This month in DNA repair: the elephant and the prize
Evolution’s War on Cancer
In 1977, Oxford professor of medical statistics and epidemiology Richard Peto described a paradox – Peto’s Paradox – in which humans and mice have the same overall risk of cancer despite their enormous disparity in lifetime cell divisions. Increases in body size and lifespan should theoretically make an animal more prone to DNA replication errors that can produce cancer-causing mutations. African elephants, weighing up to 12,000 pounds and living up to 70 years, should be riddled with tumors, yet somehow they live long, cancer-free lives.
Dr. Joshua Schiffman’s group at the Huntsman Cancer Institute in Salt Lake City, Utah, has just published an intriguing study of elephant genetics and cell biology in the Journal of the American Medical Association (JAMA) this month. First, using many years of data from the San Diego Zoo, these scientists found absolutely no correlation between lifespan and the percent of death attributed to cancer across 36 species of various captive mammals. In fact, most mammals had a 5-8% of cancer-related death, from the tree shrew to koala to lion to elephant.
Performing a genome-wide analysis revealed that elephants carried not two copies of the tumor-suppressor gene p53, as humans do, but a whopping twenty copies (ten on each chromosome)! One of these copies was homologous to ours, while the other 19 were retrogene copies, or genes that were copied from RNA back to DNA by reverse transcription and re-inserted into the genome. The authors of this study then collected peripheral blood cells from elephants and humans, and subjected them to DNA-damaging agents including the drug doxorubicin and ionizing irradiation, and quantified the efficiency of DNA damage repair by looking at markers of DNA damage, cell cycle arrest and cell death. While elephant and human cells both underwent DNA damage, and both induced p53 protein expression in response to that damage (to turn on cell cycle arrest and DNA repair mechanisms), elephant cells were much more prone to apoptosis, or cellular death.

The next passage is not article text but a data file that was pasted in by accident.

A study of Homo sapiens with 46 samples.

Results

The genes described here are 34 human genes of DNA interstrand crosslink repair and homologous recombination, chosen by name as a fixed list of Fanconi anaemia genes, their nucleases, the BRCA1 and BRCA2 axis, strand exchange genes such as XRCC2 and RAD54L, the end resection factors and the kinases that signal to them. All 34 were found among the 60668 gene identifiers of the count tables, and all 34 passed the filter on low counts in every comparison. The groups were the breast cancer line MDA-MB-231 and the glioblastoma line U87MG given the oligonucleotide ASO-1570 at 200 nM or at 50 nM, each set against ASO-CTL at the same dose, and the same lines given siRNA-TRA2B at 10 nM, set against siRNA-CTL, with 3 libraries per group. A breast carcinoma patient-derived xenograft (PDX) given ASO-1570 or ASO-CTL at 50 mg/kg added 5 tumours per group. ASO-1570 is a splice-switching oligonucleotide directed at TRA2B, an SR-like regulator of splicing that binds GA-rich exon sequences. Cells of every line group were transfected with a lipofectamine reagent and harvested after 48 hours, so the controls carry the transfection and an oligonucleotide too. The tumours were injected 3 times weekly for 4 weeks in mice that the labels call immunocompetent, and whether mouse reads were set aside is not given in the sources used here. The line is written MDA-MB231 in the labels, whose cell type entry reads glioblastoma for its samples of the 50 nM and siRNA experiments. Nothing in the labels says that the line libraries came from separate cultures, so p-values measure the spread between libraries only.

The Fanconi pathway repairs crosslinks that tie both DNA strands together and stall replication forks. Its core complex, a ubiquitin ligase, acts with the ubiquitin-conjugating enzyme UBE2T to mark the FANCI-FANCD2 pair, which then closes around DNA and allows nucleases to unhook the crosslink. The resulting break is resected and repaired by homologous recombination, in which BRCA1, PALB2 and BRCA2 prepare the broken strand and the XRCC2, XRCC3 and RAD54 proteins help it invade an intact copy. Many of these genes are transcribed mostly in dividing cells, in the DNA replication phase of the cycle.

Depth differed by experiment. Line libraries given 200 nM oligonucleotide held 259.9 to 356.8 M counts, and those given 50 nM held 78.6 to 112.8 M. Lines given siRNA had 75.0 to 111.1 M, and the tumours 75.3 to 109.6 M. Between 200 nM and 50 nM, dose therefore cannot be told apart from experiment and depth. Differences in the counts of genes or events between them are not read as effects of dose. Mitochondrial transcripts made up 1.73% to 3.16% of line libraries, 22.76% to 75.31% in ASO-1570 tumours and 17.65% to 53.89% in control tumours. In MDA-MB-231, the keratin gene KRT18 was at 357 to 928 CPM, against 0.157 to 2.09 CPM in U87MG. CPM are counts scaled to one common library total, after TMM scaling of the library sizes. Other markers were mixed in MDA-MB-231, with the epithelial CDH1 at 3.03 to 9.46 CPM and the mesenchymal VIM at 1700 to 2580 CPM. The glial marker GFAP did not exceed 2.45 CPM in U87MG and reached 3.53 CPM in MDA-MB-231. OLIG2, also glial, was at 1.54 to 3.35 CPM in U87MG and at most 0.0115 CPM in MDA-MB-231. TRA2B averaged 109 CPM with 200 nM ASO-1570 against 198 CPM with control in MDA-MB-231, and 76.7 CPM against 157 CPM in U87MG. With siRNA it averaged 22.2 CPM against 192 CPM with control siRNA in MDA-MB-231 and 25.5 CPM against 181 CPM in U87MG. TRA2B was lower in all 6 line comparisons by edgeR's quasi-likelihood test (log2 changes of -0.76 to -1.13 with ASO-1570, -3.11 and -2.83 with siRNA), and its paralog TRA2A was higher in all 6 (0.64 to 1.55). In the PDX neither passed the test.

Apoptosis is a pretty thorough way of wiping out potentially dangerous mutations, and these authors proposed that apoptosis is especially important in such rapidly-growing animals as baby elephants, who gain more than a kilogram of weight per day. While it’s clear from this study that evolutionary genetics has bestowed elephants with a powerful anti-cancer mechanism, the authors do note that environmental factors will ultimately affect elephants just as they do humans, stating that “it is unclear how captivity influences cancer rates through diet, stress, physical activity, and reproduction.” They will also need to look into whether the extra 19 p53 retrogenes actually produce functional proteins, and do quite a bit more work on elephant cell biology, before they figure out the full mechanism of their intriguing observations.
Sources: JAMA, New York Times
Nobel Prize in Chemistry
The 2015 prize in chemistry was awarded earlier this month jointly to Tomas Lindahl (Francis Crick Institute), Paul Modrich (Duke and HHMI) and Aziz Sancar (UNC Chapel Hill) for “[mapping], at a molecular level, how cells repair damaged DNA and safeguard the genetic information.” The DNA damage response (DDR) program protects our cells from the damage caused by various environmental factors including mutagenic chemicals, radiation and free radicals (reactive uncharged molecules). It also catches and fixes the random mistakes that occur stochastically throughout a lifetime of DNA replication for cell division. These three award winners discovered and described the processes of excision and mismatch repair that hold our DNA to a high proofreading standard.
Although the DDR program was first discovered decades ago, research groups are still characterizing the intricacies of this enormous cellular program. A recent publication in Molecular Cell from Dr. Stephen Elledge’s group at Harvard Medical School used a proteomic approach to analyze protein modifications (phosphorylation, ubiquitination and acetylation) that occur in a cell in response to ultraviolet and ionizing radiation. Among the large data set produced by this study was the finding that the DDR regulates the mitotic spindle and by extension cell division through ubiquitination events (the addition of ubiquitin groups to proteins). The authors also found differences in ubiquitination events that depended on the type of radiation that had caused the DDR in the first place, suggesting a whole new level of complexity to this Nobel-recognized process.
Sources: Nobel Prize, Molecular Cell
Hanna Starobinets is a 5th year Biomedical Sciences PhD Student.